Saturday night saw London’s melodic skuzz quartet, Yuck, play a powerful set to a smoke filled room of noise lovers spanning every decade.
The intimate cave setting of Cabaret Voltaire provided the perfect backdrop for Yuck’s sound; they played their debut album of grunge inspired pop songs to the capital, and came up trumps.
Yuck have done something quite spectacular; borne out of a brief NME inspired success with Cajun Dance Party, Daniel Blumburg and Max Bloom have grown up to blend melody with a skuzzy, pedal induced album of pop songs, spearheading the 90s revival of today. It’s safe to say that Yuck have certainly moved on from the jangly, irritating and somewhat generic sound of their previous group and learnt from the likes of Dinosaur Jr., Pavement and Teenage Fanclub. However much it pains me to draw comparisons between these artists, there is no doubt as to where they have drawn their inspiration from. They’re only one album into their current project and they’ve already gathered quite a following… and judging by the audience, one that can acknowledge and appreciate their influences.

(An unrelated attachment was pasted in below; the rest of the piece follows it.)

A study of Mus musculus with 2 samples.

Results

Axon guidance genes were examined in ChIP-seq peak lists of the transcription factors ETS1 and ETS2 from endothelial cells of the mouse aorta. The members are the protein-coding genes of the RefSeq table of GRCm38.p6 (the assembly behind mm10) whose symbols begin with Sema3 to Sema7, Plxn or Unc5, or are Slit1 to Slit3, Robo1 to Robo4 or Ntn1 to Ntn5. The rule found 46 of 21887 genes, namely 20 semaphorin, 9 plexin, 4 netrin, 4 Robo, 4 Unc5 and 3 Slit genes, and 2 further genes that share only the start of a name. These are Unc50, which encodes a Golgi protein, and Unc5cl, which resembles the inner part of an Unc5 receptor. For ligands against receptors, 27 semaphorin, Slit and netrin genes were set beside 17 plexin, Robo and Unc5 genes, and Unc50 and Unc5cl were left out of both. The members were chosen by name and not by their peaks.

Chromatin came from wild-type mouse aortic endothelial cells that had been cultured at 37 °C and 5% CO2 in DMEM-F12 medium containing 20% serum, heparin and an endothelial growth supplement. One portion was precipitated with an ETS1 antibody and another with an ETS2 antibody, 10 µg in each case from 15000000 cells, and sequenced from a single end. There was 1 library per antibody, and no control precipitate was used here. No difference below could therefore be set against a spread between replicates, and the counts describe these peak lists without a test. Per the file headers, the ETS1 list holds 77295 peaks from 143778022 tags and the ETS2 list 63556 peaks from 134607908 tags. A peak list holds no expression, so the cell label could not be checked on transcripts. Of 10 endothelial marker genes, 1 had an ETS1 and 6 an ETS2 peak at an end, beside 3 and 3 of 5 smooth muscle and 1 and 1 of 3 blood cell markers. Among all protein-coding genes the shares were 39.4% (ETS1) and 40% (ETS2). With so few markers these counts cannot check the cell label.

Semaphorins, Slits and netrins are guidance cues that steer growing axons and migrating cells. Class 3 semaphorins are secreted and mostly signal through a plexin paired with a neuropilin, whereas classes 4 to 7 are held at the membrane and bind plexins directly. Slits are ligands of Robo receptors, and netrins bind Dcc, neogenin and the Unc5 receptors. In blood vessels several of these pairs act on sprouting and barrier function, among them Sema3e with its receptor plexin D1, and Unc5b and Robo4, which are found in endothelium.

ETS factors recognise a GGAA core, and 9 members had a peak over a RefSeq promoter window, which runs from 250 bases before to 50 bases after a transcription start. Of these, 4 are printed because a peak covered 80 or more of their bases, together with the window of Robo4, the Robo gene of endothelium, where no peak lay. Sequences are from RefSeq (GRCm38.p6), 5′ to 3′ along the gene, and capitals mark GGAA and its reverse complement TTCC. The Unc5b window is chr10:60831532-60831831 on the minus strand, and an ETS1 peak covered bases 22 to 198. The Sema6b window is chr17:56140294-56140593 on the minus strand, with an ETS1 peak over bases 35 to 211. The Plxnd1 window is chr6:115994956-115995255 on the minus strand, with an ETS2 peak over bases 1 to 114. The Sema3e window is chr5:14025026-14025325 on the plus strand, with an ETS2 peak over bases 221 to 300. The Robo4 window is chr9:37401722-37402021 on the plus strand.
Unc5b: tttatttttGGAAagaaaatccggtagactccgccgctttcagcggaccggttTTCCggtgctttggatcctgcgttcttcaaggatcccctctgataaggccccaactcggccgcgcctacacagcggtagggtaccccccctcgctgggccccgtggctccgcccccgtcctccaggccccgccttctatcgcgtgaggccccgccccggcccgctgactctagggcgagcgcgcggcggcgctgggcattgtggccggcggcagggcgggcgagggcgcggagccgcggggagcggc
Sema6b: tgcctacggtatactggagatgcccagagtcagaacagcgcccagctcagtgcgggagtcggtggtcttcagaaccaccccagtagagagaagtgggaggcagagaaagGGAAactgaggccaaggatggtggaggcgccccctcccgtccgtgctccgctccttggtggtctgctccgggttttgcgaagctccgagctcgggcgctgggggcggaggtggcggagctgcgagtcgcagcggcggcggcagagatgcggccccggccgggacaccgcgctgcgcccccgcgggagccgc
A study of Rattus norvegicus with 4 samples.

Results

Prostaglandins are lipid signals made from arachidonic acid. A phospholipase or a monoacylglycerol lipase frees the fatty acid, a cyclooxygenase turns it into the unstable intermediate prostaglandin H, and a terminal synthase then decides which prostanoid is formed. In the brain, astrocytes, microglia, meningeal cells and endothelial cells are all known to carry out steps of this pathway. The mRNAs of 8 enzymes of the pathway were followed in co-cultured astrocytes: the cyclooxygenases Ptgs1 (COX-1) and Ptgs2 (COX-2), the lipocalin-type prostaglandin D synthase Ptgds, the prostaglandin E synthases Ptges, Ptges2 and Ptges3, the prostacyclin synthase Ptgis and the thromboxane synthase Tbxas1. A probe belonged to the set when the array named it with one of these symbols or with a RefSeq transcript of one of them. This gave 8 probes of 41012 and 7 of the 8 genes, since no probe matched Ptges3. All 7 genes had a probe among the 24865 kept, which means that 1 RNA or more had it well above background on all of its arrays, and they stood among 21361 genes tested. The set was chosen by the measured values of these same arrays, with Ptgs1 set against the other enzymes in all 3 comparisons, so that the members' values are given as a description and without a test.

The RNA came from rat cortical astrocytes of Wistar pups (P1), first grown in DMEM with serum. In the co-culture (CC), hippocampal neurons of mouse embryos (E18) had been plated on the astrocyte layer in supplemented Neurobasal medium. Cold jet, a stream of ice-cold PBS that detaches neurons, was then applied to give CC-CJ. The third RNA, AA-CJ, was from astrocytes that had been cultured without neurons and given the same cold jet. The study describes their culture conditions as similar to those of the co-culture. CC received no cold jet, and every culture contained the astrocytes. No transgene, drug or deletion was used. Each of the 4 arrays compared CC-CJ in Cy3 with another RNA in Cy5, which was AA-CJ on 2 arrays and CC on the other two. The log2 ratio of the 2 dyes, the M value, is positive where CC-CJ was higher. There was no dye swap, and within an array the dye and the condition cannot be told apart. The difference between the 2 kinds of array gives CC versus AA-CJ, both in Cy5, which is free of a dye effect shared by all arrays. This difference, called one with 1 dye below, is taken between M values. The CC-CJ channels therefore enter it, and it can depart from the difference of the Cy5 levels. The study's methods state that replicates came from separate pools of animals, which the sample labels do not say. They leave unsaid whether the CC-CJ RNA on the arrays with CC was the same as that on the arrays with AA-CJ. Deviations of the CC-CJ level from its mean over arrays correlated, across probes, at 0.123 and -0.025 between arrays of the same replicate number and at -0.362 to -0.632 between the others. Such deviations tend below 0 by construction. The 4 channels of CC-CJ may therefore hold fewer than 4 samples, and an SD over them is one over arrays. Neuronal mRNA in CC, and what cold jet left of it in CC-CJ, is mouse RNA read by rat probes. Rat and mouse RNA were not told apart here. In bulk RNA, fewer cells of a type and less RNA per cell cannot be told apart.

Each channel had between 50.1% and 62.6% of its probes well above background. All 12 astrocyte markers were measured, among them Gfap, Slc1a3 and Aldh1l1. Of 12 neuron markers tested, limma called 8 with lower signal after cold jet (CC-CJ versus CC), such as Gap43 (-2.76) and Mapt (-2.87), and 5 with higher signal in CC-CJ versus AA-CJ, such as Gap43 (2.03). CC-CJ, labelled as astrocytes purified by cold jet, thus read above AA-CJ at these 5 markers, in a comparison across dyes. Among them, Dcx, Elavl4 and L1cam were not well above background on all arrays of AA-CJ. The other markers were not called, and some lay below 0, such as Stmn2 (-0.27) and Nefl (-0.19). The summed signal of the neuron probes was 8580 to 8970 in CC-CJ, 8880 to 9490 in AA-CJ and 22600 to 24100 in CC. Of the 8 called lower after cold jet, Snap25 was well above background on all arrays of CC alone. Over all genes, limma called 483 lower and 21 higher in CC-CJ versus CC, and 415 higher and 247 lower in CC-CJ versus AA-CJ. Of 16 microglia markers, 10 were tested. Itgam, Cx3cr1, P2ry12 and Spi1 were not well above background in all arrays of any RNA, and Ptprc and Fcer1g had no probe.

The finale was particularly memorable. Blumburg and Bloom stayed on stage to create an intensely consuming melodic distortion. No prizes for guessing where they got that idea.
All in all, it was a great show. They gave it their all, and produced some great sounds that resonated with a nostalgic crowd. They have been criticized for drawing too much from their pool of influence, but when it comes down to it, they’ve learnt from the best. They’re enthusiastic, polite and lovable – mothers would certainly approve of these boys teaching their children a lesson or two about their musical heritage.